Four projects have received some $7 million worth of tokens from the hacker behind the $14.5 million Team Finance exploit on Oct. 27. Over the weekend, the attacker confirmed in a series of messages that they would keep 10% of the stolen fund as a bounty and return the other tokens to the affected projects.
The exploiter — a self-described “whitehat” — drained assets from Team Finance through the Uniswap v2-to-v3 migration. As reported by Cointelegraph, liquidity from Uniswap v2 assets on Team Finance were transferred to an attacker-controlled v3 pair with skewed pricing, explained the blockchain security firm PeckShield.
The stolen funds included USD Coin (USDC), CAW, TSUKA and KNDA tokens. Some of the affected tokens, such as CAW, suffered steep price declines due to the exploit and subsequent liquidity crunch.
On Oct. 30, Kondux, a nonfungible token (NFT) marketplace, announced it received 95% of the stolen funds, or 209 Ether (ETH), while Feg Token recovered 548 ETH. Tsuka’s blockchain protocol also confirmed receiving over $765,000 worth of the stablecoin Dai (DAI) and 11.8 million TSUKA. Caw Coin — the biggest victim of the exploit — received back $5 million worth of DAI and 74.6 billion of its native token, CAW.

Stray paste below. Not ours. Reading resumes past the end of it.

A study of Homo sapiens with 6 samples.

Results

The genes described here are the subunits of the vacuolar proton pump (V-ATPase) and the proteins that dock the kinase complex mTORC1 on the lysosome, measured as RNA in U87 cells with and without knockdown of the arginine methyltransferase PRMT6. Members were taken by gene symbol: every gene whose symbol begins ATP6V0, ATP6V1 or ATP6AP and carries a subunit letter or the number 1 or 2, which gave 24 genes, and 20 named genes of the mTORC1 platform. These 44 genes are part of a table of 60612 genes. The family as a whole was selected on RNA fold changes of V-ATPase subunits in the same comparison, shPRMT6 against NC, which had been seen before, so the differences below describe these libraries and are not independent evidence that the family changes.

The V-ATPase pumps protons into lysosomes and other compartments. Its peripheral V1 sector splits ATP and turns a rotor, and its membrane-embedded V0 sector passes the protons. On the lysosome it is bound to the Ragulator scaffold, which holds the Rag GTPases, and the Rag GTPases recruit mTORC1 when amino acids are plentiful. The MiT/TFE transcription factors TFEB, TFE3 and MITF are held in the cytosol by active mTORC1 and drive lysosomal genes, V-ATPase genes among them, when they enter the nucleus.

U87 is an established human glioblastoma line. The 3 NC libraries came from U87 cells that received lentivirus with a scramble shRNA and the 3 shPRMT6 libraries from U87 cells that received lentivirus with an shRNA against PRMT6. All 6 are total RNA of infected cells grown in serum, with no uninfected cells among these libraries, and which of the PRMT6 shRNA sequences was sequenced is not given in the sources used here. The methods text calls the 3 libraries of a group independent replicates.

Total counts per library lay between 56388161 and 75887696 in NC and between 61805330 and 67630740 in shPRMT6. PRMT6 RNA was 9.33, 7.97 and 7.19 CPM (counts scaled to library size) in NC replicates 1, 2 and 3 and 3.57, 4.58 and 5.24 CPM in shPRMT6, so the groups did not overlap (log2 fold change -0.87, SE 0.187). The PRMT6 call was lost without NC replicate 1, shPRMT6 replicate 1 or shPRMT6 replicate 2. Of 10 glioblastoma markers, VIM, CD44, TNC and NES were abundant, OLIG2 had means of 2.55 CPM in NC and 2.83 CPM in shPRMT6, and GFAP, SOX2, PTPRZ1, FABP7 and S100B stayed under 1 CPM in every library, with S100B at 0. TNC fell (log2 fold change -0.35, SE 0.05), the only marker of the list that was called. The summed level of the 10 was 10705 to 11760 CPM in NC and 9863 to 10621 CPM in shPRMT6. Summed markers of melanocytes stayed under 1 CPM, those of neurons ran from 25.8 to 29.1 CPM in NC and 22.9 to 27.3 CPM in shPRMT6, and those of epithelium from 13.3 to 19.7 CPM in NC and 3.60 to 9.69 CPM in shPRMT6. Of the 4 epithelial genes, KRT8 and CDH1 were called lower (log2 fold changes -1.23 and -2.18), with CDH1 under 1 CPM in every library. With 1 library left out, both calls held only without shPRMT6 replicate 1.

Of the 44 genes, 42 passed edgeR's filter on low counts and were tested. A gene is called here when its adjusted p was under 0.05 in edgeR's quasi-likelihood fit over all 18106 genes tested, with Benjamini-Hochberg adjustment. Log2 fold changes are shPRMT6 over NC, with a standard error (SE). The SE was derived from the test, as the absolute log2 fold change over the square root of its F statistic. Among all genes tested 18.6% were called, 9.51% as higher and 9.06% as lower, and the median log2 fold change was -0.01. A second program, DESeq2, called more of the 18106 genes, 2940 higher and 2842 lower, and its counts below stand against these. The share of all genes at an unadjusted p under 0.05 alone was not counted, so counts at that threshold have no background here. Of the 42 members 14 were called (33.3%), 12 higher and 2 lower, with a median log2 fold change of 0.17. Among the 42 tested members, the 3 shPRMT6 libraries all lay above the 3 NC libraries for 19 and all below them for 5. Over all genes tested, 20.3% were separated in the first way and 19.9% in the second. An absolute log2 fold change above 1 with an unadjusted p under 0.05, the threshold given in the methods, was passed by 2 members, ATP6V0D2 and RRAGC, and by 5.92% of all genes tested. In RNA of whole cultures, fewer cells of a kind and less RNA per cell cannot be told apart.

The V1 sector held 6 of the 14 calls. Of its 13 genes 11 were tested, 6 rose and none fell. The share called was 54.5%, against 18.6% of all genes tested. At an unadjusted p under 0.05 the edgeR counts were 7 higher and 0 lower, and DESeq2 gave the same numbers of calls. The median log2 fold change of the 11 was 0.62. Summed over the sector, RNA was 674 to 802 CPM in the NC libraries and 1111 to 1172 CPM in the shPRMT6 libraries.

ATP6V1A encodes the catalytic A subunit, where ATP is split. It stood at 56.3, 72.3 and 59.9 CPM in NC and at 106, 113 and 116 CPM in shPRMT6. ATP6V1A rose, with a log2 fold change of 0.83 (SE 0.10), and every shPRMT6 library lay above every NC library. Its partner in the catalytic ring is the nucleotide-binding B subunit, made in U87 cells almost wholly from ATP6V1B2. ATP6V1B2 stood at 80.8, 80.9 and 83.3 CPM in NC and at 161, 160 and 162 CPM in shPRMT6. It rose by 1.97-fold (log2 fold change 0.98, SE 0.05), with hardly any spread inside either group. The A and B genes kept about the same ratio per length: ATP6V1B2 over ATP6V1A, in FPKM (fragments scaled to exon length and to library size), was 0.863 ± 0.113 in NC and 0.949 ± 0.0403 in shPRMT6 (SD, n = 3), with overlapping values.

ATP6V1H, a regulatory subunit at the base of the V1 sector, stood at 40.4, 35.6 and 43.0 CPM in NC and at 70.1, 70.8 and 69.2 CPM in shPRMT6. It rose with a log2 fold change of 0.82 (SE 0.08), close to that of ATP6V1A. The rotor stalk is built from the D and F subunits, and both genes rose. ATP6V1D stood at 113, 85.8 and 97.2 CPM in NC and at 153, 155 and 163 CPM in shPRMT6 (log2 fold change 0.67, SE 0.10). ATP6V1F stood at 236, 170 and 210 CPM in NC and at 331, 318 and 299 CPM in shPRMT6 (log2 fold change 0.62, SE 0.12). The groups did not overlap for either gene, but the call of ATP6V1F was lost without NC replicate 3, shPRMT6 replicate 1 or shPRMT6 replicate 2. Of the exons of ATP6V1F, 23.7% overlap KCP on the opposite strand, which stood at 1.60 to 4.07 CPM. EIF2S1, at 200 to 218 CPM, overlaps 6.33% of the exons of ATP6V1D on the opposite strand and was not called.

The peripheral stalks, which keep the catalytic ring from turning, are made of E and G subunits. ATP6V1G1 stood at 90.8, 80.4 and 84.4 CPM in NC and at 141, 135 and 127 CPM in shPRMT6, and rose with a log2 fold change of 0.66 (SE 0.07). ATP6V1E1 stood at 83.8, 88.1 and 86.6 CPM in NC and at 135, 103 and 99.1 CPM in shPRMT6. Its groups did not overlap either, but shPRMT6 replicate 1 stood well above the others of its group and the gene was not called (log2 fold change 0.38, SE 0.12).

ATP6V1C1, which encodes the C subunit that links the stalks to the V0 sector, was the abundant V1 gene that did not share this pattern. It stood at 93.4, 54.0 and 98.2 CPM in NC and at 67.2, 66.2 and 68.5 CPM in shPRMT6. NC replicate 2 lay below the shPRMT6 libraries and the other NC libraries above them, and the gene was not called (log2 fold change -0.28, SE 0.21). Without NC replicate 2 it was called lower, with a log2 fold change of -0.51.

We’re thrilled to announce we have received 95% of the exploited ETH back!
Please bear with us in the coming 48 hours ⏳ as we await the $KNDX to return so we can plan our next move forward. ⏩
— Kondux (@Kondux_KNDX) October 30, 2022
On Twitter, the protocol urged the hacker to get in contact for a bounty payment. According to Team Finance, its smart contract had been previously audited, and developers had temporarily halted all activity on the protocol. The company was founded in 2020 by TrustSwap, which provides token liquidity locking and vesting services to project executives. The protocol claimed to have $3 billion secured across 12 blockchains.
The exploit followed the Mango Markets attack on Oct. 11, when a hacker manipulated the value of the platform’s native token, MNGO, to achieve higher prices. The attacker then took out significant loans against the inflated collateral, draining Mango’s treasury.
After a proposal on Mango’s governance forum was approved, the hacker was allowed to keep $47 million as a “bug bounty,” while $67 million was sent back to the treasury.